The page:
Shannon Christian

In this weekly blog, staff reporter Shannon Christian writes about the myths of healthcare and how it impacts students.

Dr. Germ: operation: room

Monitors rapidly beeping, blood splattered across the floor, and the surgical team moving at the speed of lightning. Most people imagine surgery to be a hectic and even frightening scene, like something out of Grey’s Anatomy. While there may be a level of chaos within emergency surgery, standard operating rooms actually display a calm environment in which trained professionals are able to work swiftly and accurately. 

As a clinical practicum student, I’ve been fortunate enough to make rounds on patient floors, emergency departments, post-anesthetic and critical care units, and even women’s floors. The one place I had not seen was the place that interested me the most: the operating room. 

Due to the nature of the clinical nurse aide program and the constant rotation of students within hospitals, there are limited units in which we are allowed clearance. The operating room is difficult to observe as consent forms need to be signed in to let a student watch.

Luckily last week, when I was assigned to the post-anesthetic care unit, which sees patients waking up from anesthesia directly after a surgical procedure, I arrived at a mostly empty unit with two physicians conversing. One of the physicians was the head anesthesiologist, and upon asking who I could shadow for the day, he simply led me back to the surgical unit to observe his next scheduled surgery. 

I followed the anesthesiologist to pre-op, where the patient signed forms to allow me to watch her procedure, ensuring that I was there for educational purposes and would not be performing any part of the procedure. Once the forms were signed, we headed back to the scrub-in area and prepared ourselves for the sterile environment. I wore a hairnet, washed my hands, and wore gloves and a gown. 

The operating room was alarmingly cold, and the surgical team had already laid out the materials that were to be used for the gastric sleeve procedure that I would get to observe. Watching the anesthesiologist’s calculated movements, I was able to watch the patient lose consciousness, and the surgery began. She was incised externally to allow a scope and the Da Vinci robot arms into six small holes in her abdomen. 80% of her stomach was removed to help alleviate cardiac symptoms that had been ailing her.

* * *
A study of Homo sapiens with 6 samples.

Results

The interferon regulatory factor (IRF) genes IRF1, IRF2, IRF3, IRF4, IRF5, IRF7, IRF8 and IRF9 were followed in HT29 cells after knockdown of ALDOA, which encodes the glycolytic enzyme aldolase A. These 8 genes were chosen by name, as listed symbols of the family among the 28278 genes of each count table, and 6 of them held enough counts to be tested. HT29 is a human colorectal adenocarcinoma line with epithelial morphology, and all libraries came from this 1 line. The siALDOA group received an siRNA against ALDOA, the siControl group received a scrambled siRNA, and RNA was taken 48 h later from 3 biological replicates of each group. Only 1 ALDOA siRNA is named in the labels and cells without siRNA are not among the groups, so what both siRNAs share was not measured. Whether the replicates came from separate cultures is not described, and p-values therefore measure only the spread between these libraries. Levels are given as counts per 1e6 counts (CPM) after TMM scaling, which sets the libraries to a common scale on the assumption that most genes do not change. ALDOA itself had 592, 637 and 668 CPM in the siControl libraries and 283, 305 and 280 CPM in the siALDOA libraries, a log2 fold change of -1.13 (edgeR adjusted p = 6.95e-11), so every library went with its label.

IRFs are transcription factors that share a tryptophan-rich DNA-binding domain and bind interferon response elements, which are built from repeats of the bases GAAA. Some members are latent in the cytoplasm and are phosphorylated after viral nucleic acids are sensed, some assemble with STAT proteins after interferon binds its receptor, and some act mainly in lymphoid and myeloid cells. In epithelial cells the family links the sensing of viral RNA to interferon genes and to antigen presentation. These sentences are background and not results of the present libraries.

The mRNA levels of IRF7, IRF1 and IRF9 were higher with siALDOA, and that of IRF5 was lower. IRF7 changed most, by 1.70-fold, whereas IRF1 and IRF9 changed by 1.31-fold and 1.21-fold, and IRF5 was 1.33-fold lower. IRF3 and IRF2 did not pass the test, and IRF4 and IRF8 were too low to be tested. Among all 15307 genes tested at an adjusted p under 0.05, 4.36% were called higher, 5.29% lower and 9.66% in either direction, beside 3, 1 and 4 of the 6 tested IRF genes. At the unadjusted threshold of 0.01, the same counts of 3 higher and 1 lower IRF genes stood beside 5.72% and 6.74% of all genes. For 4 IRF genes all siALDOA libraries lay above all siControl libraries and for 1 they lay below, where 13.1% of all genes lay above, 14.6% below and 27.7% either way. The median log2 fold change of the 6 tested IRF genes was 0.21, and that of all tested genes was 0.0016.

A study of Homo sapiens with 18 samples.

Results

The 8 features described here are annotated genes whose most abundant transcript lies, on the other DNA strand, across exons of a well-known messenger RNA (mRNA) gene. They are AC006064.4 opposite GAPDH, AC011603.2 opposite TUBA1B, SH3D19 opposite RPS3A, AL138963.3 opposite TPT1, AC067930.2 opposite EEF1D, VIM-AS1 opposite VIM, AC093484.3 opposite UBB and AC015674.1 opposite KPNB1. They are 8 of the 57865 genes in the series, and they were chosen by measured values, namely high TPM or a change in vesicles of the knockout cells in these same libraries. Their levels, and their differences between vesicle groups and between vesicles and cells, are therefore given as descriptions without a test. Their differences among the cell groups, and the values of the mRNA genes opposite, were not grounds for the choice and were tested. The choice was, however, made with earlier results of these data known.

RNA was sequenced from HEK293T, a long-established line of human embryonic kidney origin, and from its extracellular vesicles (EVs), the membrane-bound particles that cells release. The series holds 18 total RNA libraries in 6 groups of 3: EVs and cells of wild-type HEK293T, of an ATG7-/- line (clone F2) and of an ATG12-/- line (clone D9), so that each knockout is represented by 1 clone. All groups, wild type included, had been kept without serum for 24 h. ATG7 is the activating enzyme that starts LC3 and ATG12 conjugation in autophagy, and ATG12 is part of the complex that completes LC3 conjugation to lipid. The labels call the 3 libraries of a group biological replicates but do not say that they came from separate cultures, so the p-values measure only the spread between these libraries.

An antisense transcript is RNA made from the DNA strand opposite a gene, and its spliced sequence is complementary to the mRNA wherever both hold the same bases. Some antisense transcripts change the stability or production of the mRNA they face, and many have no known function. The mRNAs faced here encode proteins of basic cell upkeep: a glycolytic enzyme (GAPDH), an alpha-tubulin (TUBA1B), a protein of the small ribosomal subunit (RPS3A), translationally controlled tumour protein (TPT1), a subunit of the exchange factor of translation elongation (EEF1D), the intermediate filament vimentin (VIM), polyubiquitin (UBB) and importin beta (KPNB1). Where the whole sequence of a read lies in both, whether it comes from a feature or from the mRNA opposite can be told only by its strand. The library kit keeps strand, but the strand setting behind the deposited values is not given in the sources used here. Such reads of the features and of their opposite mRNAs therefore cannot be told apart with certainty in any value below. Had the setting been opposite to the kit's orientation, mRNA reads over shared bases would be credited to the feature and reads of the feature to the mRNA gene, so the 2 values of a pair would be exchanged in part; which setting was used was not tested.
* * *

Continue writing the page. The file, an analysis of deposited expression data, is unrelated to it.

I found the operating room environment to be fascinating as I watched two large screens that the scope was projected onto, witnessing the surgeon’s movements within the patient’s abdominal cavity. Meanwhile, the surgical team conversed as if they weren’t performing a procedure but rather sat around a table, having normal conversations about cars and vacation. Folk rock played over the speakers as one of the surgical technicians explained the surgeon’s steps to me, identifying structures within the body and even showing me the section of the stomach that was removed. 

The entire procedure took exactly one hour, from receiving the patient to waking her up from anesthesia. One hour to detach part of the stomach from the abdominal lining, staple off the section, remove it from the patient’s body, and close the incisions utilized to access the stomach. It was a whirlwind of an experience but quite the antithesis of chaos. The surgical team never faltered as they worked with precision and swiftness. To them, this was just another minor procedure that they had performed countless times. 

I’d always been fascinated by the idea of surgery, yet the level of severity that each of my movements would have on a patient has always seemed daunting, deterring me from pursuing it as a career. My experience in the operating room last week has allowed me to reconsider this, though, as there are more roles in surgery than just the lead surgeon. The anesthesiologist constantly monitored the patient’s vitals, the surgical techs helped with instruments and maneuvering the devices used in the procedure, and the OR nurse was able to document and record the findings of the surgery. 

With this new experience, my entire perception of the surgical field has changed, as it is not constantly being splattered with blood or doing open-heart fibrillation on a crashing patient. Surgery is a systemic and artful field that is successfully executed by the work of a collaborative and proactive team.